Just how big a liar are you?
It’s a term that may be tossed around all over the place, but that doesn’t mean it’s not crucial to your success—or failure. How you think and talk to yourself can propel you forward or keep you mired in frustration and mediocrity.
You may be familiar with the concept of “the big lie.” It holds that people will tend to believe a colossal lie because they can’t imagine that anyone would have the gall to make that particular comment if it actually were untrue. Since obviously no one would tell such a huge lie, the statement must be “the truth.”
How many big lies do you tell yourself?
High achievers tend to downplay their achievements, and they use deceitful self-talk to do so. Are you guilty of telling yourself any of the following lies?
- If I’m not suffering, I must not deserve success.
This is one of my personal favorites. I’m guessing it stems from old religious teachings which equate suffering with worthiness.
Say you’re feeling good about what you’re doing to your business, and you’re feeling confident that you’ll reap the rewards in good time. If you find yourself starting to fret that you’re not doing enough / not working hard enough / simply are not enough, chances are you’re unconsciously telling yourself you don’t deserve to succeed unless you’re suffering. Maybe it’s time to read The Big Leap, by Gay Hendricks, for some great tools you can use to stop “upper limiting” yourself.
- This is easy for me, so it must be easy for everyone, which means it’s nothing to brag about.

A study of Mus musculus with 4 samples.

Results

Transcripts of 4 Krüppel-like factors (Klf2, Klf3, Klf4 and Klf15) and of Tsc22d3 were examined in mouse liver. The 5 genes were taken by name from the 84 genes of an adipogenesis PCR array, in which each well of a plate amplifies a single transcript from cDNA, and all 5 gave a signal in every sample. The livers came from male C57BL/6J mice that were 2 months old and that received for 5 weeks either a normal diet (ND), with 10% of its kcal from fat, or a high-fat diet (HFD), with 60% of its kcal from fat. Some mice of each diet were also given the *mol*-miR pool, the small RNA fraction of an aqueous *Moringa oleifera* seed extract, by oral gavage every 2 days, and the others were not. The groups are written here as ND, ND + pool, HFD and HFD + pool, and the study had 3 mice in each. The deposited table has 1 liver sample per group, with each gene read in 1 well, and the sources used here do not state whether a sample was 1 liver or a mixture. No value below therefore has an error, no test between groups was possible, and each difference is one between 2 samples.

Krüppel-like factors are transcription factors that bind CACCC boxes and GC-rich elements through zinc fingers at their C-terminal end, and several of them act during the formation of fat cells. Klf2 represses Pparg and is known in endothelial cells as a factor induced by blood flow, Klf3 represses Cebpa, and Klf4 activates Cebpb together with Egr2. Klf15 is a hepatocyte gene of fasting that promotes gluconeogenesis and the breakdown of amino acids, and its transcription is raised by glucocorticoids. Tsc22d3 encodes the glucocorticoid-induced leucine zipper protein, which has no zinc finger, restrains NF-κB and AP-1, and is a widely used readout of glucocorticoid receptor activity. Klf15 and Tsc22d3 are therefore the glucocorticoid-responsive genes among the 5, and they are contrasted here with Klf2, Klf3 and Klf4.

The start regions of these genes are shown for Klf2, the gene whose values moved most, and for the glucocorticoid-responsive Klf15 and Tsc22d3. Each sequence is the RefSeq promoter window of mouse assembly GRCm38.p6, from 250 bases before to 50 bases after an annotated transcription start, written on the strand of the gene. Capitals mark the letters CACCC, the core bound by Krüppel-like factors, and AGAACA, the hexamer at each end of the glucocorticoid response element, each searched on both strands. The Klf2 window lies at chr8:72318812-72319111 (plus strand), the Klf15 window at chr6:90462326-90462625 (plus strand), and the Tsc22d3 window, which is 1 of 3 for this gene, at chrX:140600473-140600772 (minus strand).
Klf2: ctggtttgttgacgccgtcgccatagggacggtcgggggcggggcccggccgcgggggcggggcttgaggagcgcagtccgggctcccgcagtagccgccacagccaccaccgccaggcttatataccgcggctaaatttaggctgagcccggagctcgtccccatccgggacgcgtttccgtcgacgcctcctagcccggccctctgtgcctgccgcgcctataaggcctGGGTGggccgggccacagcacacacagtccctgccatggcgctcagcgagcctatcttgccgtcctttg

Talk about faulty logic.
So something is as easy for you as falling off the proverbial log? There’s a name for that something: A GIFT. Embrace what comes to you easily, because what’s easy for you is impossibly difficult for others—and you deserve to be compensated, both financially and emotionally, for using your gifts to serve others.
- Reaching out to help someone who needs my particular skills isn’t being helpful, it’s being pushy.
Wrong. Wrong. Really wrong.
Getting someone out of a jam is being helpful, even compassionate. What gives you the right to withhold your problem-solving skills from people who badly need them? Pushy doesn’t enter into it, unless you’re trying to sell someone a service they don’t need—and that’s a whole different situation.
What other lies do you tell yourself to sabotage your success? And what techniques do you use to challenge those lies and allow yourself to step into your power and talents? Please share and help the rest of us leave the lies behind, too!
(By the ways, thanks to Alan Cleaver for posting his “biggest liar” image in the Creative Commons section of Flickr.)This entry was posted in mindset, personal power and tagged choice. Bookmark the permalink.